Driving successful innovation roll out

A new guide to innovation implementation, readiness and resourcing has been published sharing practical learning from the Health Innovation Network’s successful adoption and spread of the national Focus ADHD programme.

Despite the impact of the pandemic on non-emergency services the three-year ADHD programme exceeded its targets and by June 2023 had benefited 65,000 young people.

The new guide collates the critical success factors, focusing on five core areas that should be considered for any transformation programme to be successfully implemented and sustained. These are:

  • Understanding the context
  • Raising awareness
  • Building will
  • Supporting implementation
  • Changing behaviour.

The guide can be adapted to any innovation programme – large or small – and includes example toolkits and resources for project leads.

Highlights from the document were the topic of a recent Innovation Insights webinar run by Health Innovation East Midlands (HIEM), who led the Focus ADHD programme on behalf of the 15 local Health Innovation Networks (formerly AHSNs).  The slides and recording can be accessed on demand.

The Focus ADHD programme started in 2017 as a Real-World Evaluation in the East Midlands in three ADHD services, before being commissioned by the NHS (via the Accelerated Access Collaborative) for national roll out across England between 2020 and 2023, coordinated by the 15 local health innovation networks.

During this period, the health innovation networks supported NHS services across the country to make changes to the way they diagnosed ADHD in young people. By the end of June 2023, the three-year programme had positively benefitted around 65,000 patients in England across 149 NHS sites.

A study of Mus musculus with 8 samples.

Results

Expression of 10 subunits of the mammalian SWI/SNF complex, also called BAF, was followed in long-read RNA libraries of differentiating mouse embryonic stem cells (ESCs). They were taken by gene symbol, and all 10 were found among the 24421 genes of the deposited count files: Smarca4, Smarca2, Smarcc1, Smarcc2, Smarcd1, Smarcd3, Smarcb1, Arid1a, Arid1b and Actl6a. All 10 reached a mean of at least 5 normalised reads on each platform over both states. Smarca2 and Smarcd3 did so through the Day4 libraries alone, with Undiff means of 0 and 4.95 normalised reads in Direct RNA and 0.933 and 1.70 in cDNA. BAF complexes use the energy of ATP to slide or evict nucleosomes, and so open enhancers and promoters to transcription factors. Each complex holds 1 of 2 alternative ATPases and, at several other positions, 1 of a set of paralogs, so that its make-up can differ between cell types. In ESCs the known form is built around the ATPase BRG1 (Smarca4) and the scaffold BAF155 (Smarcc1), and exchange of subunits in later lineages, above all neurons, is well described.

In Greater Manchester, following successful pilots starting in 2017, the Health Innovation Manchester team commenced work in September 2020 with the aim of bringing new, objective, computer-based testing into Mental Health Trusts and Community Paediatric Services to improve the diagnosis of ADHD. The programme worked to introduce the QbTest method within all eligible services, which would increase the efficiency and accuracy of ADHD diagnosis. Following the launch of QbTest in Greater Manchester, over 5,500 ADHD assessments were completed in 16 services across 5 sites during the rollout phase of the project (2019-2021), with QbTest now the standardised method for assessing ADHD across the region. The successful rollout of this programme has led to a reduction in time-to-diagnosis for those in need of ADHD assessment, more objective measures during assessment that lead to more robust decision making, and better outcomes in terms of health and wellbeing for young people. All of which ultimately creates time and cost savings for the system and healthcare service users.

Professor Prathiba Chitsabesan from the National Steering Group, Academic Health Science Network, ADHD Focus Programme and Consultant Child and Adolescent Psychiatrist (Pennine Care NHS Foundation Trust) said, “The national-level initiative to introduce QbTest as a new, objective measure for ADHD assessment was a great initiative for the region. We were very pleased to work with our mental health and community service providers to successfully introduce the measure across GM, and have seen a positive effect on services and service user outcomes ever since the programme was rolled out.”

If you would like to explore the support available for your own innovation and transformation programmes, get in touch with your local health innovation network.